While Microsoft executives made few public remarks on the company's legal troubles at COMDEX/Fall this week, it still found a way to make known its viewpoint that the government should adopt a "hands-off" approach in the technology arena.
In a corner of Microsoft's mammoth booth on the COMDEX show floor were a couple of External Affairs representatives staffing Microsoft's "Freedom To Innovate Network" (FIN) counter. The staffers handed out to passersby brochures on Microsoft's lobbying effort and encouraged them to mail in or sign up online to receive regular newsletter updates from Microsoft on a variety of fronts--but especially on the company's ongoing wranglings with the U.S. Department of Justice.
Representatives discussed the case with interested COMDEX attendees and handed out FIN bookmarks. When asked how individuals were responding to Microsoft's message, one FIN staffer said she had experienced few negative or combative encounters with COMDEX goers, other than some heckling from those who seemed to be firmly in the Linux camp.
This week marks the first time Microsoft has sent FIN representatives to COMDEX. But as of late, the company has been visibly stepping up its campaign to get individuals to back its legal positions. At the recent annual shareholders' meeting in Bellevue, Microsoft FIN representatives were handing out the same FIN brochures to attendees.
"Freedom to Innovate Network (FIN) members care about the future of Microsoft, America's leadership in the information age, and the technology industry--an industry more innovative and competitive than any other," begins the FIN brochure.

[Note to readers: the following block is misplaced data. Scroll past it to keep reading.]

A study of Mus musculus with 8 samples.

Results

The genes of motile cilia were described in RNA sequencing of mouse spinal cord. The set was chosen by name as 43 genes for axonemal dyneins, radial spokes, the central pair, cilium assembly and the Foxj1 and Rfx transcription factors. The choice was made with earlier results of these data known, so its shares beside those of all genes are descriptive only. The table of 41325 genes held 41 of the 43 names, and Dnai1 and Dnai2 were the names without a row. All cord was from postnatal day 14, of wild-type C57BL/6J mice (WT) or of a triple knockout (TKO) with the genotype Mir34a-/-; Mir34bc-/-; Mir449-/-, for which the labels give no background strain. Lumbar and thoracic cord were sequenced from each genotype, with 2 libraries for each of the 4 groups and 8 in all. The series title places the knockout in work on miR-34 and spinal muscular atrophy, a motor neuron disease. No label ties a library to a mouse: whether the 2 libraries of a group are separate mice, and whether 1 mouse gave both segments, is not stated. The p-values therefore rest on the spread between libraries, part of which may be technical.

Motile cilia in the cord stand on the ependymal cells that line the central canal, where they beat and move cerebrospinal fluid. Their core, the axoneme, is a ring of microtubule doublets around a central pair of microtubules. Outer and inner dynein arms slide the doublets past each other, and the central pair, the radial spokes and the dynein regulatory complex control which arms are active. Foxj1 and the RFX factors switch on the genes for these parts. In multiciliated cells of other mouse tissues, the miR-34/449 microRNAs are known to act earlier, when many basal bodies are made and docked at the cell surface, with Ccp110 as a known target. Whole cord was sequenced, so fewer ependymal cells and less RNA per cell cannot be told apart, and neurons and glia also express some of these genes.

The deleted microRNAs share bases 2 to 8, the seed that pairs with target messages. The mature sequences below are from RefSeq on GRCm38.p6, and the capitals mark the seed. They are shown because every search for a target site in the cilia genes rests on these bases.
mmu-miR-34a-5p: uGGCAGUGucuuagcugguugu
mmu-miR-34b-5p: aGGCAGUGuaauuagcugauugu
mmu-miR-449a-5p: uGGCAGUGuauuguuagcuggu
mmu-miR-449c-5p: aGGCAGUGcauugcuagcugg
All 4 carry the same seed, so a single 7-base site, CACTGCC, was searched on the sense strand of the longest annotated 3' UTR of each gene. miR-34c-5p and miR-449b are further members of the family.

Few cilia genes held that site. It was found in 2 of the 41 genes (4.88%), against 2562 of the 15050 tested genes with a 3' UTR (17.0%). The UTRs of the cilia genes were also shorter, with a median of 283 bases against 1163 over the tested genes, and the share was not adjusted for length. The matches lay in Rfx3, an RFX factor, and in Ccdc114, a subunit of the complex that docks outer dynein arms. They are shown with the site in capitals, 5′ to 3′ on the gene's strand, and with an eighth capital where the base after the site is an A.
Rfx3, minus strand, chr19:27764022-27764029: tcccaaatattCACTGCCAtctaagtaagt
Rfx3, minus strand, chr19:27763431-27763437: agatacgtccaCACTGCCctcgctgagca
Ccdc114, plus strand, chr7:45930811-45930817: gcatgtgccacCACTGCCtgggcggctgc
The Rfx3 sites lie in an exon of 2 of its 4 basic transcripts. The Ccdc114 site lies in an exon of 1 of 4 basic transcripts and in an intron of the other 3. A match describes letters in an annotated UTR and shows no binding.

Microsoft's growing lobbying efforts around its DOJ antitrust case come at a time when the company has been forced to reckon with Judge Thomas Penfield Jackson's harsh findings of fact against Microsoft, as well as with calls from leaders of its competitors to break up Microsoft to prevent it from being able to wield its monopoly power in the future.
Microsoft's own leaders seem divided on how far Microsoft will go to settle its antitrust case before the judge rules some time next year. While president Steve Ballmer said at COMDEX this week that Microsoft would under no circumstances entertain the possibility of breaking up the company as a term of settlement, Microsoft CEO Bill Gates said during a "Good Morning America" TV appearance on Wednesday that Microsoft would not rule out anything, including breakup, as a discussion point for settlement.
Today, in Washington, D.C., representatives from Microsoft and the Justice Department are meeting in the judge's chambers to work out the schedule for the remainder of the antitrust case's proceedings.